Redefining your professional self in an entirely new industry area can sound daunting. This can especially be the case when you’ve left your previous career as a master of your work, only to be moving into another as the baby of the company.
You’ll be happy to know that all hope is not lost! It can be easy to feel out of your depth, however, what you might not know, is that many of the skills and abilities that made you an expert in your previous industry area can actually be adapted to help you to thrive your new one.
Below are five transferable skills that every hiring manager is looking for within a prospective employee:
1. Communication Skills
It comes as no surprise that communication skills, linked to interpersonal skills, are a necessary skill for pretty much any job, no matter the industry. Good communication within a professional setting is comprised of three elements:
Probably the most underrated of the three, the ability to effectively listen is an important skill in any position. Being able to not only hear what someone has to say but also actually process the information that is being communicated to you is crucial – without this skill, messages can be misunderstood, which can then result in costly mistakes.
Developing your writing skills can help you really resonate with your reader; telling him or her about the kind of person that you are, and is imperative for success in any professional position.
Your ability to know what to say and how to say it plays an important part in communication – things can often get lost in translation, so knowing how elements such as tone and the way you phrase a sentence can impact its delivery, is a valuable skill to have.
2. Critical Thinking Skills
Critical thinking skills, otherwise known as problem-solving or analytical skills, is the essence of putting a systematic approach in place to reveal any challenges or issues and then developing and applying its solution.
A person’s ability to think logically, particularly in high-pressure situations, is highly sought after by every industry area – successfully defining a challenge and then offering up a well thought out solution after weighing up all options, is a skill that does not go astray in the workplace.
Demonstrate that you can ask the critical questions in response to a challenge, then decide on a course of action with the necessary resources.
3. Time Management Skills
Multitasking demands of the new professional landscape are higher than they have ever been – employees are expected to know how to juggle multiple tasks seamlessly, without flinching when thrown another.
Effective time management consists of four primary elements: organisational skills, the ability to prioritise and the most obvious, manage your time carefully and successfully and firm decision making.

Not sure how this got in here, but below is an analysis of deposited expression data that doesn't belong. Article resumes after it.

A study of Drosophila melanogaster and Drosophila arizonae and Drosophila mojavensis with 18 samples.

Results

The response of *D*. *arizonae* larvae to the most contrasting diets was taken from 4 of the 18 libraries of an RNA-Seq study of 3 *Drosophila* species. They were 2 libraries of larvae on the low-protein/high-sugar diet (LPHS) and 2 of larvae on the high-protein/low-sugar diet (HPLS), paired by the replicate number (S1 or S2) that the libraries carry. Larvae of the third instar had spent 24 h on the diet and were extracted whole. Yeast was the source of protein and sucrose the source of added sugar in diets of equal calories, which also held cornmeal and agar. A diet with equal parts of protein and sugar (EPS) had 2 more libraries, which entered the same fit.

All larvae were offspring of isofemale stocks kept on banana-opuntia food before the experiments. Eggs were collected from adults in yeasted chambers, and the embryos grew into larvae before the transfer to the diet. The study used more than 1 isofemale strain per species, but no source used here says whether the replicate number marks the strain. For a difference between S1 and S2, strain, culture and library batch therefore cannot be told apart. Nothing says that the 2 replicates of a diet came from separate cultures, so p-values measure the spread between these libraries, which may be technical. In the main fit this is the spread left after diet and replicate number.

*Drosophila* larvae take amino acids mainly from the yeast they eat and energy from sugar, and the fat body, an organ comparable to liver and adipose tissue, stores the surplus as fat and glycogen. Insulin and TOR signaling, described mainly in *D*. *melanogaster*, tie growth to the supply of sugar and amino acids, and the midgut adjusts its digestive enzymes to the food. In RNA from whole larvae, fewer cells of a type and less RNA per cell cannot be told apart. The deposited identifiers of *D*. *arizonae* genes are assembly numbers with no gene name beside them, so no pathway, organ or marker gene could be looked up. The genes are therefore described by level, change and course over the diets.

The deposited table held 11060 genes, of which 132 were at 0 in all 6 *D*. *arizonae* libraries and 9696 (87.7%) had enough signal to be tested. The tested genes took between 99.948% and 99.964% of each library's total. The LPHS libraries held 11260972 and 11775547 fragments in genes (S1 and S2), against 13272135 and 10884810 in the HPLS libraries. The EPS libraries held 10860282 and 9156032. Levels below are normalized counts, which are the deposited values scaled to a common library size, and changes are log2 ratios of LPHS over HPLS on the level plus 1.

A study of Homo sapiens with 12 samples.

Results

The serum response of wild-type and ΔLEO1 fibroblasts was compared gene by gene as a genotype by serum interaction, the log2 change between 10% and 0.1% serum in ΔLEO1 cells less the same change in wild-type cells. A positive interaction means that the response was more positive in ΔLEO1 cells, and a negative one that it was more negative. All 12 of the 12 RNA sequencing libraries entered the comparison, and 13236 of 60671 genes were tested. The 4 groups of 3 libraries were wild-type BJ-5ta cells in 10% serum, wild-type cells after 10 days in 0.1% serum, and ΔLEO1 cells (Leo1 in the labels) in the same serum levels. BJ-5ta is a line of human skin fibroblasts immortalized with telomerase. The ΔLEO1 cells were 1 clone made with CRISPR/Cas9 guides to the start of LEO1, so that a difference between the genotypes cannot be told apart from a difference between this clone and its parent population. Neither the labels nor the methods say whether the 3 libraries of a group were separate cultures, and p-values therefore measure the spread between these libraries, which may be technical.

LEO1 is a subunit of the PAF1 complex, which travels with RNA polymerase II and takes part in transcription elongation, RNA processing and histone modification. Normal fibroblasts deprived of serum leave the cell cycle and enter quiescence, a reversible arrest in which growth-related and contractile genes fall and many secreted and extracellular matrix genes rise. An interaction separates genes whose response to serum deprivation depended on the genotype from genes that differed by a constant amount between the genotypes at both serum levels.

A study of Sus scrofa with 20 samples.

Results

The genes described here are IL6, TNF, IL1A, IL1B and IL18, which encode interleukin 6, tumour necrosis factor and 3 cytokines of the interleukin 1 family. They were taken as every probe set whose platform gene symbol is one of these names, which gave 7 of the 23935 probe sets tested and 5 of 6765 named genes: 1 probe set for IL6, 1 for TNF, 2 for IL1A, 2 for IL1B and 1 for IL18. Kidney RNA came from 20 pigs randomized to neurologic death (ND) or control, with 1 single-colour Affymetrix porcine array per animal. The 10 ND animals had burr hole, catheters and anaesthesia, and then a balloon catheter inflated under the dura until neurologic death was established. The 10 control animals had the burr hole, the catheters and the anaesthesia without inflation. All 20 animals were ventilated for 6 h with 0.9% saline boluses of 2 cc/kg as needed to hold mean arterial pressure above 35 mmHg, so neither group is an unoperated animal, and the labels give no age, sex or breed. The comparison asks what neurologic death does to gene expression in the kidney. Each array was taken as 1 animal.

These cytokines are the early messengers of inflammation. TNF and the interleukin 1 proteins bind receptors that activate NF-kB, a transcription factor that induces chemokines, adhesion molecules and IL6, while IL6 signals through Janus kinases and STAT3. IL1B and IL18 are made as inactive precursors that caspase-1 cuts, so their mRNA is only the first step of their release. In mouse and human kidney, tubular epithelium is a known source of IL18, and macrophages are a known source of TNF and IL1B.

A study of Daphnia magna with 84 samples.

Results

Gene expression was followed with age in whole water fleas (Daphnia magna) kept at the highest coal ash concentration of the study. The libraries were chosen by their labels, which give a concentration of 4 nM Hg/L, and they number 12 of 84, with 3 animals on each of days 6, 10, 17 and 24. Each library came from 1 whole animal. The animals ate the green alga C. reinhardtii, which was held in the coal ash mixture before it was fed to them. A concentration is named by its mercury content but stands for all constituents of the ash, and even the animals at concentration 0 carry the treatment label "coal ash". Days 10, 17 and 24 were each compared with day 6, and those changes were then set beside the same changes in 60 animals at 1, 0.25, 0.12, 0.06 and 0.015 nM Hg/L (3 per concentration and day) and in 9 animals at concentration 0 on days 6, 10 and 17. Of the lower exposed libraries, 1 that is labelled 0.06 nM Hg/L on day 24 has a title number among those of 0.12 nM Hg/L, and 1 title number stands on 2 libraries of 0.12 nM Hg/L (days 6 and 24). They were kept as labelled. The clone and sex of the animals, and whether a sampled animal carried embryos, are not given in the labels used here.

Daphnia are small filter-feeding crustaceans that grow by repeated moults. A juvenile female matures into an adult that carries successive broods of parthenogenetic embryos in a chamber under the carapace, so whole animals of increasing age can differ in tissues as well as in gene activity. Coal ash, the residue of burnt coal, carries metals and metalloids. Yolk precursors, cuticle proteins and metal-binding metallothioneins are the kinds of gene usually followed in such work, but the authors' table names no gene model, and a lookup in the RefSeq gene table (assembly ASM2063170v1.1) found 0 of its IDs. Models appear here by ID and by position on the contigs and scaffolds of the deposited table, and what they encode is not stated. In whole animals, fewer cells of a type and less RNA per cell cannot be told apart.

Think of a time that you have achieved this in your previous position, then align it in a way that demonstrates its relevance to your new industry area.
4. Creativity Skills
One that cannot be replaced by any technology (in the foreseen future anyway), creativity is the ability to not only conjure up and manifest ideas, but to then create a way to develop these in a way that brings them to life.
This unique skill is one that not all can possess, so if you have the knack and a creative eye, make it known to your potential employer.
See if there is a way that you can illustrate your creativity in a way that is relevant to your new industry – even if it is just your thinking process that leads you from A to B.
5. Team Work Skills
Almost any working environment requires you to work well within a team – whether it be all of your workmates in the office, or something a bit more structured like working in a particular department, your ability to commit to a team and band together is all dependent on its success. As the old saying goes, like cogs in a wheel, every team member must work together to keep it moving.
If you have successful team working skills, this shows your prospective employer who you are in a professional setting. Positive qualities such as respectfulness and working efficiently are reflected in one’s ability to work well in a team, and in turn are skills that any workplace would value.
As you can see, a career change does not have to be daunting. Yes, entering a whole new working environment will have its differences when compared to the last, but as you can see, you are not going into this unprepared.
So, sit down and think of some correlations between your old and your new industry – I guarantee that you will be able to apply any of the above to your new position.